Group of Engineering Grand Challenges scholars pose for a group picture.

NC State first-year Isaac Hedges spends much of his time with parasitic waxworms thanks to the Grand Challenge Scholars Program (GCSP).

As a GCSP scholar, Hedges is one of 29 students spending their year participating in research, coursework, extracurricular activities and volunteer opportunities focused on four areas: security, joy of living, sustainability and health. He was admitted to the program just a few weeks ago.

Hedges’ research focuses specifically on waxworms, which are the plastic-eating caterpillar larvae of wax moths.

“Since the beginning of our research, we’ve been developing tools that we need to break down the genetics of the waxworm,” Hedges explained. “We’ve got the waxworm’s ability to eat plastic, so we know it breaks down the chains of molecules within the plastic into shorter chains, which can be useful and very important for certain things like composting and other applications with just getting rid of large chunks of plastic.”

Currently, GCSP is raising funds to support five incoming and transfer undergraduate engineering students. The funds will cover costs for them to participate in the GCSP Undergraduate Research Experience, where they will focus on one of the four pillars of the program. They aim to raise $5,000 to enable this opportunity for five students.

“It’s so important to the students and so great to be a part of because you get to become a good communicator as well as a great engineer,” Hedges said of the program. “And you also get to just have a ton of fun. It’s been invaluable to my education.”

Man behind lecturn speaking during GCSP meeting. Large screen is to the right displaying GCSP slide.

The current crowdfunding campaign is led by Dr. Olgha Qaqish, director of the Engineering Grand Challenges Scholars Program. She says the main reason for this campaign is because the admitted incoming freshmen and transfer students haven’t yet paid the engineering enhancement fee that funds the other researchers.

“The model we have for this program allows us to serve students that already paid the fee,” she said. “But I was trying to be more inclusive to include incoming freshmen and incoming transfer students that will start their education at NC State in the fall of 2025, allowing them to get a head start by doing research over the summer before they get started.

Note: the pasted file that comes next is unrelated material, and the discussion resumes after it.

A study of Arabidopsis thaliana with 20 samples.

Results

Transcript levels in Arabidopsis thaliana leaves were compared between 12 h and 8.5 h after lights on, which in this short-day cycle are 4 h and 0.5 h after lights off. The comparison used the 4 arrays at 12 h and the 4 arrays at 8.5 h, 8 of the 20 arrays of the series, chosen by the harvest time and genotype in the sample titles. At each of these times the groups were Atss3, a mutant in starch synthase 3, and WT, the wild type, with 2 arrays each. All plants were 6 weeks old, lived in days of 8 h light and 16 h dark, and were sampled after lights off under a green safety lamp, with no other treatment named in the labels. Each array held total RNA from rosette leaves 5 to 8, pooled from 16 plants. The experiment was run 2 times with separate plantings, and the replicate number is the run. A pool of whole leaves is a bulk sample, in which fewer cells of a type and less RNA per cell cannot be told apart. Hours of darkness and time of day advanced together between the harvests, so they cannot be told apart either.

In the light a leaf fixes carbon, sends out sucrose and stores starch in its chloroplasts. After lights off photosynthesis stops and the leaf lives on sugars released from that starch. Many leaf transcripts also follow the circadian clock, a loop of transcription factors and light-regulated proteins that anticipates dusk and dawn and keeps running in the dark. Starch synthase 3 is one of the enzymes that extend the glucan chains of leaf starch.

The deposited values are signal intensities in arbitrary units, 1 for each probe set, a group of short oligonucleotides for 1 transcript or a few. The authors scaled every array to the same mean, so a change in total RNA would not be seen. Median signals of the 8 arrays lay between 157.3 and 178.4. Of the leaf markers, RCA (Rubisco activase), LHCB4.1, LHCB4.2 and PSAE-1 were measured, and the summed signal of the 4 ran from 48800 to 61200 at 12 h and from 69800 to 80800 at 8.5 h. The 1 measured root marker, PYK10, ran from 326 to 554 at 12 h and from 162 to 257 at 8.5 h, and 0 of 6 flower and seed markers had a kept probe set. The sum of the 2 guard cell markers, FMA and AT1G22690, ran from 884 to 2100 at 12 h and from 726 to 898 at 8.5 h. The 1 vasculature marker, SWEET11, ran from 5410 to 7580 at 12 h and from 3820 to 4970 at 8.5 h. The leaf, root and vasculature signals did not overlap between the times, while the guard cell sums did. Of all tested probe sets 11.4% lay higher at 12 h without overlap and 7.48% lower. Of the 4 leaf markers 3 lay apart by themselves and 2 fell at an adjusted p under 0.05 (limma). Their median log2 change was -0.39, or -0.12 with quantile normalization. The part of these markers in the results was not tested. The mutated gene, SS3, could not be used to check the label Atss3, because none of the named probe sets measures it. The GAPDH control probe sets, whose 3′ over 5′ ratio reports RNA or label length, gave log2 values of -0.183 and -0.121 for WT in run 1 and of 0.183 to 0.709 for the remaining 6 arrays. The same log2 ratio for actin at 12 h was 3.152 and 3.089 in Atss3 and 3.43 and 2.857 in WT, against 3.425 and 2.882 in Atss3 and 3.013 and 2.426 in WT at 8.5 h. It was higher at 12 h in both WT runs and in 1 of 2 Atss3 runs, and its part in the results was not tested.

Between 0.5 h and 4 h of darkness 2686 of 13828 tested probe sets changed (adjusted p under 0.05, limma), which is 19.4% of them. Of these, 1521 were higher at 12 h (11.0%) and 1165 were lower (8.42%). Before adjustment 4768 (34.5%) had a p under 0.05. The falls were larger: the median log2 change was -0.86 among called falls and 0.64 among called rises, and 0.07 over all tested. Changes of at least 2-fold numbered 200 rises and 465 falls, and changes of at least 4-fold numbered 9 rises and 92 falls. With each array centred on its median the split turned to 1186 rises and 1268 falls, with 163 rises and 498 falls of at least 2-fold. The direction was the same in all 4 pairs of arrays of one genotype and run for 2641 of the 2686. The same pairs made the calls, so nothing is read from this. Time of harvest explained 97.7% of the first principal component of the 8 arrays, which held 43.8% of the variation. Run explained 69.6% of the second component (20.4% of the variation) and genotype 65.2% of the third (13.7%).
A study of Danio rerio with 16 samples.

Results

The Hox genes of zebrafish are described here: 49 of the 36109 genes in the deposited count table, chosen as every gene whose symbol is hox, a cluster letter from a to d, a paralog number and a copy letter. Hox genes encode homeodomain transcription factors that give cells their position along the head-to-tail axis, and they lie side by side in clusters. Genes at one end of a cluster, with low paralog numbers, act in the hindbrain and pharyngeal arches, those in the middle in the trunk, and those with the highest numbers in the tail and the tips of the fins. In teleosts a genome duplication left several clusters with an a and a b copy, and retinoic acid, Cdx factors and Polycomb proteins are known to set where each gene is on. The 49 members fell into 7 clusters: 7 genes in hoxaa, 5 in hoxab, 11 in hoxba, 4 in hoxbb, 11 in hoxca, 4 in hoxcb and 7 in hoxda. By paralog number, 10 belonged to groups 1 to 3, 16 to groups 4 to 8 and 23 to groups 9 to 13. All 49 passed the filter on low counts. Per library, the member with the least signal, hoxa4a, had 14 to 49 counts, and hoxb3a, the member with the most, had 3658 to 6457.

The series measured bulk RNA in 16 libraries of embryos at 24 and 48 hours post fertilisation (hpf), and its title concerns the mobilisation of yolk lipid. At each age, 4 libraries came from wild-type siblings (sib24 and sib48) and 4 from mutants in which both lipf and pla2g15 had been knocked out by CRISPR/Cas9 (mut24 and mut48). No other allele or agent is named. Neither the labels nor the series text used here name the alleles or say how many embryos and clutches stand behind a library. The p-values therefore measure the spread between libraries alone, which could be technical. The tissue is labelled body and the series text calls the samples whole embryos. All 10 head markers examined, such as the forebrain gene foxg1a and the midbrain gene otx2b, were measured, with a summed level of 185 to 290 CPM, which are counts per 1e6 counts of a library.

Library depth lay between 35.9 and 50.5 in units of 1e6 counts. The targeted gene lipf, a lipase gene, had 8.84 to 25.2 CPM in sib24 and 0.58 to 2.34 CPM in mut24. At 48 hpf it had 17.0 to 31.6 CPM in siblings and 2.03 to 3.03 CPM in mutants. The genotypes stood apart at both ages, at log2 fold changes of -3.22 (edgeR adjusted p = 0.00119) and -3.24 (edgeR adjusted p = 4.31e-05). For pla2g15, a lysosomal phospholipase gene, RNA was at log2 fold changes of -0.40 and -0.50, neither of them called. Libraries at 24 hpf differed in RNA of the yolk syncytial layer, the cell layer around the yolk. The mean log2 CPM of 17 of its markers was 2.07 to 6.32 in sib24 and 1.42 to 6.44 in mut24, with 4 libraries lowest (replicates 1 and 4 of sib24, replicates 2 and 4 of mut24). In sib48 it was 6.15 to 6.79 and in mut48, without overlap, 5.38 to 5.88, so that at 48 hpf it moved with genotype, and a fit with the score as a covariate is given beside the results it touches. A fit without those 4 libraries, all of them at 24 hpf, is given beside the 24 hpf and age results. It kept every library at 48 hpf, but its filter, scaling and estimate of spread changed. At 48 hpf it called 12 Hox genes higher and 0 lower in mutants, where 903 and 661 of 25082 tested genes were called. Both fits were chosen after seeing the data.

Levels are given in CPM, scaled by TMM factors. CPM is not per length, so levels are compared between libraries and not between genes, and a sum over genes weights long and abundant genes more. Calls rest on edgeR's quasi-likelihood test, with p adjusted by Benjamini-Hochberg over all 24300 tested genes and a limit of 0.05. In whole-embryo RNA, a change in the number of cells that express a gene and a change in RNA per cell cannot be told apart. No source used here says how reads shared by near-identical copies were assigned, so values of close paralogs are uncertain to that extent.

She anticipates about 24 undergraduate research scholars doing research this summer.

“Engineers will fail multiple times before they succeed,” she said. “Our whole idea here is to create this training ground where they can do that so that when they first enter the class, they’re already learning that. That’s what I see with these students with the scholarship program.”

Students in every discipline at the College of Engineering are able to apply to the program. Junior Angela Lee, a double major in mechanical and textiles engineering, researches solar energy for her GCSP project and says GSCP has allowed her to focus and learn more about her interests.

“My research experience helped me shape my journey through engineering by letting me discover what was missing and gave me a specific goal to focus on,” Lee added. “I started very broad with just an interest in renewable energy, then I honed into just solar energy, then I dove more into organic/polymer solar cells.”

Student speaks in front of a group of fellow students in a large meeting room.

Now, Lee plans to apply to graduate school with the goal of working in organic solar cells.

“My advice for incoming scholars is to budget energy,” she added. “Even if you have the best time management skills, if you are working at 110 percent all the time, eventually the work you do will be less effective.”

Qaqish said students who participate in the program, like Hedges and Lee, tend to become ambassadors later. Most of the recruitment for the program comes from them.

One such student is Chloe Hincher, a first-year Ph.D. student in biomedical engineering. She is a graduate assistant for the program and participated as an undergraduate student. Her research in the field of engineering education looks into the development of research self-efficacy and engineering identity in students who participate in GCSP.

“I believe that the program offers an invaluable platform for personal and academic growth,” she said. “For incoming scholars, I strongly recommend prioritizing experiences that push the boundaries of their comfort zone.

“GCSP not only provides substantial support through financial resources but also facilitates professional development and fosters a community that spans the entire spectrum of engineering disciplines,” she added. “Embracing the opportunity to be a Grand Challenges Scholar equips scholars with the skills and insights necessary for success in the dynamic field of engineering and beyond.”